Why it matters: The Washington Supreme Court ruled that even when an insurer foots the bill, the lawyer’s duty is to the insured absent other circumstances. Simply paying for legal fees, having some alignment of interests, and being entitled to a contractual duty to stay informed do not entitle the insurer to the same duty owed to the policyholder, the actual client. For purposes of potential malpractice, the defense attorneys represent the policyholder and not the insurance company, even if it pays the bills. As the court noted, its ruling represents a split with some other jurisdictions. Courts in Arizona, California, and Michigan have allowed malpractice suits by insurers where the interests of the insureds and insurers “coincide,” “generally merge,” or do not otherwise conflict.
The mere fact that an attorney was paid by an insurer does not create a duty of care that would allow the insurer to sue for malpractice, the Washington Supreme Court has ruled.
Sterling Savings Bank provided a loan to a borrower for the purpose of developing property. The bank included one important condition to the loan, requiring a first priority security interest on the property. But Sterling’s title insurance company, Stewart Title, failed to inspect the property before the loan was completed. Stewart Title therefore did not discover that Mountain West, the builder on the property, had already gained a mechanic’s lien as of the date of construction.
When the borrower was unable to make payments, Sterling and Mountain West faced off over priority interests. Stewart Title agreed to defend Sterling in the foreclosure action and hired the law firm of Witherspoon, Kelley, Davenport & Toole PS to represent the lender.
But Stewart Title and Witherspoon butted heads with regard to legal strategy. Seeking a quick settlement, Witherspoon stipulated that Mountain West had first priority. Stewart Title sought a more aggressive stance, arguing that equitable subrogation was a viable defense. Stewart Title fired Witherspoon to pursue its strategy, but the trial court held that the stipulation bound the parties and would not allow the alternative argument. The case was resolved in favor of Mountain West.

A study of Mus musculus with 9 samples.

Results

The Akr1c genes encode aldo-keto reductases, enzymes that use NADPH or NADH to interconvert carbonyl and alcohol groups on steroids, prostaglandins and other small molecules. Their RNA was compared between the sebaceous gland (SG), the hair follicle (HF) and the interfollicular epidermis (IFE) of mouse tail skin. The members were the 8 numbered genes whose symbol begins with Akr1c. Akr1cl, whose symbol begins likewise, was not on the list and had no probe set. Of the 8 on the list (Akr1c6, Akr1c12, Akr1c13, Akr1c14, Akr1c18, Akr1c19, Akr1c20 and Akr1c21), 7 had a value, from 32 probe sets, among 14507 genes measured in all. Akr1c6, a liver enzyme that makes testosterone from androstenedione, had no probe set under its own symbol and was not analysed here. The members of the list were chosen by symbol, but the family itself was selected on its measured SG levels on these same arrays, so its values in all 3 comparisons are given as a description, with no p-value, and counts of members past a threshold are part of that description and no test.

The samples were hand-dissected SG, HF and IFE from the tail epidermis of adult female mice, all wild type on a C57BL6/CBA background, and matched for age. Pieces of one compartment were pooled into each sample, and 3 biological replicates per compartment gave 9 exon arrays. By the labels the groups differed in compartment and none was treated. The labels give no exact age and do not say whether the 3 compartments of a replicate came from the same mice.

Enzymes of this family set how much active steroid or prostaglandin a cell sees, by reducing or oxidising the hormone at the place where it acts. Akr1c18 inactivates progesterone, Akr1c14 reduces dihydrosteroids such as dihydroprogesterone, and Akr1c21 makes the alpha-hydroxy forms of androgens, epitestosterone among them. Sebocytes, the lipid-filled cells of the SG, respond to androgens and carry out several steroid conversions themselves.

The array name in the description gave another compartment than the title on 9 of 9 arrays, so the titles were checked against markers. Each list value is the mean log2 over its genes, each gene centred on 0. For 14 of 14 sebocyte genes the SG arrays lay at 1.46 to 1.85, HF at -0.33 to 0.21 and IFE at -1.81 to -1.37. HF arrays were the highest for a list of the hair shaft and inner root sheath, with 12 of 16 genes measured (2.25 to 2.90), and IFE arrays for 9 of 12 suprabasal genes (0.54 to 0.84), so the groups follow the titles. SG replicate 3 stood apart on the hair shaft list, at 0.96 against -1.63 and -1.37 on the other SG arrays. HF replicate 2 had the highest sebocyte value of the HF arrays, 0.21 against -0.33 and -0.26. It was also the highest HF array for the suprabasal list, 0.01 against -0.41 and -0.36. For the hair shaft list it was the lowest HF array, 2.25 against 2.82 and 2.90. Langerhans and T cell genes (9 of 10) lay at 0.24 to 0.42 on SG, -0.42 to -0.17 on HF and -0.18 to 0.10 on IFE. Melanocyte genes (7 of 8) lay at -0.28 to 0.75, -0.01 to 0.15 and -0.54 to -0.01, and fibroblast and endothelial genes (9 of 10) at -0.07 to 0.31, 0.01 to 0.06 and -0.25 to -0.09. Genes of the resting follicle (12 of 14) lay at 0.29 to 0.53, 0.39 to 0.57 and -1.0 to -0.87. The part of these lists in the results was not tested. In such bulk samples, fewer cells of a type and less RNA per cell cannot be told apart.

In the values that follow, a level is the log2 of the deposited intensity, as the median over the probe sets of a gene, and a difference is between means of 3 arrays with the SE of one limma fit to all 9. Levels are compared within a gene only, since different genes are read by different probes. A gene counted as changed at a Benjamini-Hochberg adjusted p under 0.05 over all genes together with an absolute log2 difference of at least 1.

Stewart Title then filed a malpractice suit against Witherspoon. The law firm sought to dismiss the suit, arguing that it owed no duty to the insurer because Sterling was its client – not Stewart Title – despite the fact Stewart Title paid the bills. The Washington Supreme Court agreed.
“Witherspoon’s only client was Sterling. Stewart Title was a nonclient third party payor,” the court wrote. A lawyer or law firm may be liable to a third-party insurer based on a multifactor test employed by the state’s courts, but Stewart Title failed to meet the necessary requirements.
The alignment of interests between Sterling and Stewart Title was insufficient, the court found. Stewart Title argued that absent an actual conflict of interest between the insurer and the insured, the third-party insurer should be presumed to be an intended beneficiary and therefore able to bring a malpractice claim against the attorney. But the court said no such presumption existed, because it would create a duty of care to any third party.
“The fact that an insurer’s and insured’s interests happen to align in some respects – though perhaps not in all respects, as shown by contrasting Witherspoon’s strategy of seeking a speedy, yet just, settlement with Stewart Title’s different strategy – does not by itself show that the attorney or client intended the insurer to benefit from the attorney’s representation of the insured,” the court wrote.
Stewart Title also pointed to the retention letter, contending that the firm had a contractual duty to keep it informed about the progress of the litigation. Again, the court found this requirement insufficient. “Witherspoon’s duty to inform Stewart Title is insufficient to establish a further duty of care permitting Stewart Title to bring a malpractice claim based on an alleged breach of a different duty to a different entity – that is, Witherspoon’s duty of care to its client, Sterling.” The “limited duty to inform the nonclient third party payor does not give rise to a broad duty of care that would support a malpractice claim by the third party payor,” the court wrote. “It does not create that separate duty of care for the same reasons that the client’s and nonclient payor’s alignment of interests does not create such a separate duty: first, because acceptance of a duty to inform a nonclient third party payor does not show that the attorney’s representation was intended to benefit the third party payor...and second, because an attorney cannot contract away his or her professional duty to ‘not permit a person who pays the lawyer to render legal services for another to direct or regulate the lawyer’s professional judgment in rendering such legal services.”
Even putting both the alignment of interests and the contractual duty to inform “together does not cure the insufficiency.”
To read the decision in Stewart Title Guaranty Co. v. Sterling Savings Bank, click here.